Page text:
Monday, August 29, 2016

Helping Youth Deal With Post Traumatic Stress - A Few Tips

In recent months the Baton Rouge community has faced several major challenges.  Public violent incidences and the recent historic floods have disrupted daily routines and placed unprecedented stress on every aspect of our society including religious institutions, education, governmental and law enforcement agencies.

In dealing with the long and intensive process of recovery, we sometimes forget the silent faction impacted the most......our children.  Youth are exposed to media more than ever.  Daily exposure to violent incidences, damage to homes and public institutions, and lack of resources can be devastating to a child's emotional and mental health.  Post traumatic stress can disrupt healthy family and community relationships and it can interfere with learning and emotional growth.  Ignoring stress can have devastating long term effects.

To prevent long term effects, adults can assist children by being aware of the signs of exposure to trauma and violence.

Young children struggling with post traumatic stress may be irritable, fussy and have difficulty calming down.  Adults may notice that children become easily startled and resort to behaviors common to being younger (for example, thumb sucking, bed wetting, or fear of the dark.)  Affected children may have frequent tantrums, cling to caregivers, experience changes in level of activity, or repeat events over and over in play or conversation.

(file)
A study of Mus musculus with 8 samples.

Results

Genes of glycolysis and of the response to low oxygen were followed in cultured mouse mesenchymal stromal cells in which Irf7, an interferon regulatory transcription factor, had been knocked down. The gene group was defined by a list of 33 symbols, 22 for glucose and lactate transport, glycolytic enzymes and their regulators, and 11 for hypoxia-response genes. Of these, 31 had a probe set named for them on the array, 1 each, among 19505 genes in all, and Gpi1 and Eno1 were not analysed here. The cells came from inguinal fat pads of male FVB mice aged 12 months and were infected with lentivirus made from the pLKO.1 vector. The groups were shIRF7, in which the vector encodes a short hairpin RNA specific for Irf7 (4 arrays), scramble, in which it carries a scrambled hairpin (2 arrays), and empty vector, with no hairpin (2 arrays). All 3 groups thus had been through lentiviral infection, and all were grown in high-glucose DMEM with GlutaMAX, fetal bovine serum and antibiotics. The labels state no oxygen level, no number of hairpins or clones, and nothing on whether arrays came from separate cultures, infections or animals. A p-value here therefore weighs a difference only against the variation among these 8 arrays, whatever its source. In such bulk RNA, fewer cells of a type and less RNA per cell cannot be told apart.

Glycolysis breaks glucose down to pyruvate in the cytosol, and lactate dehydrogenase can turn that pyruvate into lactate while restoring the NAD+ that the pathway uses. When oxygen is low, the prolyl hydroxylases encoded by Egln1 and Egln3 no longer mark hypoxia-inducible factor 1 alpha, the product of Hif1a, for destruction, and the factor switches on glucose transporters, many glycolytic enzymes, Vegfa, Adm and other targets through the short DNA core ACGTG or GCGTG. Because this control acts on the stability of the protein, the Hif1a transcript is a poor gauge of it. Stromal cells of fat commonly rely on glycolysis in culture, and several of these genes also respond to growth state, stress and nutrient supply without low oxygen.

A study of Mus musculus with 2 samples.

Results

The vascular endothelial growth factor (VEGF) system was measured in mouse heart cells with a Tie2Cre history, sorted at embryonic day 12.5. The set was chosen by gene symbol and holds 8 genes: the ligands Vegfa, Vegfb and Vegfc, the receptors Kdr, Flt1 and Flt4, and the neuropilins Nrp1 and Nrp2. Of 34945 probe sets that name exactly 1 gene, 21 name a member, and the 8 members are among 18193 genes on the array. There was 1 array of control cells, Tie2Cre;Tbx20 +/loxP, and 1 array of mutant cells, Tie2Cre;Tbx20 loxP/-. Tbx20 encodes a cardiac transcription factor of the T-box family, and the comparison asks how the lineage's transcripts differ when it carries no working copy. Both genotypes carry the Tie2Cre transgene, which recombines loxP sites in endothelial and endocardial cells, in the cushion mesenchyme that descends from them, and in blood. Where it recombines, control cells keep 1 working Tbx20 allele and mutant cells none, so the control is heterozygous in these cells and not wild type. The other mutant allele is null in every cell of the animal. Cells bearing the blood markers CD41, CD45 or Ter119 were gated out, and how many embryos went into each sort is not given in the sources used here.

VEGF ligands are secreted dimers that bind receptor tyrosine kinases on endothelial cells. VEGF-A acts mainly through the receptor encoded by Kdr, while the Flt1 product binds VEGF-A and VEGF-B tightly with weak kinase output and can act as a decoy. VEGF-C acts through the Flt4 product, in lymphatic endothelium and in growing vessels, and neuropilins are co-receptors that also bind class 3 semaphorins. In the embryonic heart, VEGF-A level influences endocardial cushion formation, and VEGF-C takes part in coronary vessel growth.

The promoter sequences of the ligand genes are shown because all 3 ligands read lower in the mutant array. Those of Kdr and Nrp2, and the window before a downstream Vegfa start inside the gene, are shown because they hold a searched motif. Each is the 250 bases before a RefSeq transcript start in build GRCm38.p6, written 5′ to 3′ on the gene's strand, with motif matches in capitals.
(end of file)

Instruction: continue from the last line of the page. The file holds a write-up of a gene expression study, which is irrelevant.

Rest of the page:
Older children may exhibit the most behavioral changes as a result of exposure to violence.  Teens may talk about the event all the time or deny that it happened, refuse to follow rules or talk back with greater frequency  They may complain of being tired all the time, engage in risky behaviors, and sleep more or less than usual.  Adults may notice an increase in teens' aggressive behaviors and a desire to be alone and isolated from friends.  Additionally, teens may use drugs or alcohol, run away from home, or get into trouble with the law as unhealthy responses to post traumatic stress.

Adults can also help young people deal with post traumatic stress by creating a predictable environment, and by listening to and assuring children and adolescents that whatever happened was not their fault.  In working to support children and adolescents, remember that exposure to violence may require specialized assessment and interventions that many adults are unable to provide. Refer children and adolescents to professionals both within and outside the school system.  Other professionals may include family doctors, psychologists, social workers, school counselors or I CARE specialists.

The I CARE Program of East Baton Rouge Parish Schools has compiled a list of local and national resources necessary in addressing trauma and post traumatic stress.

Dealing With Trauma

Other I CARE Resources

Please note that the information in this post was taken from the Safe Start Center, a National Resource Center for Children’s Exposure to Violence.